Review: ‘Pimpbot’ makes transition
REVIEW BY JOHN BERGER / email@example.com
Pimpbot’s self-titled third album marks the group’s 10th anniversary, and with it the introduction of a new lineup and a new sound.
Pimpbot is now officially a quintet — Fernando “The Love Machine” Pacheco (vocals, trombone, percussion), Tim Coleman (guitars, backing vocals), Rylan Yee (bass), Eric Lagrimas (drums) and Nic Ramos (trumpet, vocals). However, with Ray Farias playing tenor sax on 11 of the 12 songs, the group is heard here as a de facto sextet with a solid three-man horn section.
The transition from being a 20-something to a 30-something is a recurring theme. The guys set the mood with “Meet You At The Bar,” a tough-love song about getting older and dealing with frustration, unfulfilled dreams and reality. “Give up hope, dreams are for suckers,” is the message; meeting friends at a bar is their recommendation for a short-term antidote.
Alcohol is also the key that frees a hardworking everyman from his “cage” — a rare but welcome event described in “Tiger.” The good old days of youth when carefree males could hang out in bars “til 4 a.m. getting sloppy” are mourned in “Used To Have Fun.”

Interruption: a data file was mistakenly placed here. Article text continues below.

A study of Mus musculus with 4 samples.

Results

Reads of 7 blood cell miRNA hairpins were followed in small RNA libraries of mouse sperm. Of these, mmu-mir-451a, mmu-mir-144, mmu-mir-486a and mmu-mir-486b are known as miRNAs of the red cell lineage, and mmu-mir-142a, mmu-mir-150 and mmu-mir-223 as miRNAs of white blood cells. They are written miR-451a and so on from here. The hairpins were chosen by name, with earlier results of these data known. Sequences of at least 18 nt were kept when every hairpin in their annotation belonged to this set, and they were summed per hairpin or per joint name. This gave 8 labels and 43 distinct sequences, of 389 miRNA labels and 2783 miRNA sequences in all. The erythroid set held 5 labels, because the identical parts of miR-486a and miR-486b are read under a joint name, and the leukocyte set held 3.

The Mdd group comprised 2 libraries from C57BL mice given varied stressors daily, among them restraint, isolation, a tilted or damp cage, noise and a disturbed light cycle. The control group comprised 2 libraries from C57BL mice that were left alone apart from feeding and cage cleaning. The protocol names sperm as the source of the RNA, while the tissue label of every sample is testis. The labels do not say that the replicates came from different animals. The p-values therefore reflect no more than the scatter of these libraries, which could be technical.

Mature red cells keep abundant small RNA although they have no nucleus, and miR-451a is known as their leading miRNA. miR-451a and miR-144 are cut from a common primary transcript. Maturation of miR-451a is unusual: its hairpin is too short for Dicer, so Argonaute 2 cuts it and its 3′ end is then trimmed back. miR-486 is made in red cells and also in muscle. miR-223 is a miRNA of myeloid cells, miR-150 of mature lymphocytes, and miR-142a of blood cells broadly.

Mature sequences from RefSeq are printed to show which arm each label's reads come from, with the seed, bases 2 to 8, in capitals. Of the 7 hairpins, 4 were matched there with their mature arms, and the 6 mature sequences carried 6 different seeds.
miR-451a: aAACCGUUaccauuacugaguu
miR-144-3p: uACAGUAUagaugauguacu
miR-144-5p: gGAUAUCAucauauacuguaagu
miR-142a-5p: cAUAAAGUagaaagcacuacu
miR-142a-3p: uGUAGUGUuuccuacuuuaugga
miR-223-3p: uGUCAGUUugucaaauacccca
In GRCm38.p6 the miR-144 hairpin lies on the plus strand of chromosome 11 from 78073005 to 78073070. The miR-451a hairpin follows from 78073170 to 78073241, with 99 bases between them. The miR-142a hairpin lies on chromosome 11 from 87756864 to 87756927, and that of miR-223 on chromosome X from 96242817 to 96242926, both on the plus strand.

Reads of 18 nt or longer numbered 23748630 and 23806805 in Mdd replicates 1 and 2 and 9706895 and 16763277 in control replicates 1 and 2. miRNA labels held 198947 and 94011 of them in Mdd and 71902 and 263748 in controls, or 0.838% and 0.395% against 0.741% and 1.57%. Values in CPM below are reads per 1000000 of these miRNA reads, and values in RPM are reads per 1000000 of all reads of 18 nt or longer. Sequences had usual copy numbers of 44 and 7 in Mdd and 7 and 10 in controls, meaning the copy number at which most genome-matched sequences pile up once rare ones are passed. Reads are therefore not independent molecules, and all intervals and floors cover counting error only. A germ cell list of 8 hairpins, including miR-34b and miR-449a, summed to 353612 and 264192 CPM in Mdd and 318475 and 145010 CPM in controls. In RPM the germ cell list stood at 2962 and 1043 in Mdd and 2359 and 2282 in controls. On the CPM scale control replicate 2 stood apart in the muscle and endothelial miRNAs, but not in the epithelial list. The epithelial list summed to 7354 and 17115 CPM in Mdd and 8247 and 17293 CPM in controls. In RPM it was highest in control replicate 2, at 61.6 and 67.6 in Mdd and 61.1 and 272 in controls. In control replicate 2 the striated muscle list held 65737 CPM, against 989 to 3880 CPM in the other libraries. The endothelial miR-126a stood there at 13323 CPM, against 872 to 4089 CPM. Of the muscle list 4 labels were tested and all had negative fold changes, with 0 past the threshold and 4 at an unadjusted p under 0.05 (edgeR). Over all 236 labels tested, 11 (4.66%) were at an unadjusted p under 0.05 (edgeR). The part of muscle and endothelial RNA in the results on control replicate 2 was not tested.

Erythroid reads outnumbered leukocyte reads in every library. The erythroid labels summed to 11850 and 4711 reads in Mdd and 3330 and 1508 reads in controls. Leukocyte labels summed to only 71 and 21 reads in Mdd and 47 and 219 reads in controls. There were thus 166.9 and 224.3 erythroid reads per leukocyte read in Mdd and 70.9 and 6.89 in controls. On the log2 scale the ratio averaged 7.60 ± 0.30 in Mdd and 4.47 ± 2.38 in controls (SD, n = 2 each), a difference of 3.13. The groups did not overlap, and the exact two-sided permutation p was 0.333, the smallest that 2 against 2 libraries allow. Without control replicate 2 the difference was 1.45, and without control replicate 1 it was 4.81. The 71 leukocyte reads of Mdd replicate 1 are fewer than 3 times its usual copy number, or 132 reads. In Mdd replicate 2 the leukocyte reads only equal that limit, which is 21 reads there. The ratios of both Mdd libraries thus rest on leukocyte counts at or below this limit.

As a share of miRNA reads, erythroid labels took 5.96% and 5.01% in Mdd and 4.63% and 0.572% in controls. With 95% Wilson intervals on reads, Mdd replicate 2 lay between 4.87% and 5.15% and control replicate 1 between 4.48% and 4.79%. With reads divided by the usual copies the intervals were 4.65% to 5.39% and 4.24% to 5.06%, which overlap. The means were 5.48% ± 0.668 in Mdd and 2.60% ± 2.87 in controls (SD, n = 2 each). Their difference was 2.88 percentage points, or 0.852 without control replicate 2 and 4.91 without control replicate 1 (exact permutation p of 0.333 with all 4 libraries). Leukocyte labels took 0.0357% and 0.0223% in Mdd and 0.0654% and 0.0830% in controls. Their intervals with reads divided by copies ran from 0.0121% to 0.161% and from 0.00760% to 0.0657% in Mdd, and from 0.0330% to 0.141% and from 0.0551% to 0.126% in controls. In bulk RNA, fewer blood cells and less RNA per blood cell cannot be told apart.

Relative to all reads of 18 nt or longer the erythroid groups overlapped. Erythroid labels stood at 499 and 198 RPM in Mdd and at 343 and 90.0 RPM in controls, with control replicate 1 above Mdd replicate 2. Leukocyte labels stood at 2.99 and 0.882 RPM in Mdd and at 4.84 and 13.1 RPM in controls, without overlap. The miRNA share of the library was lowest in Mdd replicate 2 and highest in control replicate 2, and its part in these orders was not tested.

Other songs are more enigmatic. Does “Zombie Fasi” blame the late mayor for the problems Oahu now faces? Or does it mourn his absence and wish he could be brought back for another term?
Tight instrumental arrangements are the foundation throughout. The horn section rules on many of the arrangements; Pacheco can play as wild and raucous as ever. Guitarist Coleman opens “Please Be A Ninja” with a powerful buzzsaw riff that leads into Lagrimas’ driving drum beats. Bassist Lee gets a short but well-deserved solo on “Man You Missed Out.”
Pimpbot goes “unplugged” with the final song, “Beer and Homies.” It’s arranged and produced to sound like a bunch of semidrunk guys sitting around drinking and singing, and shows that the group still has a sense of humor. Watch it become a popular audience participation number at their shows.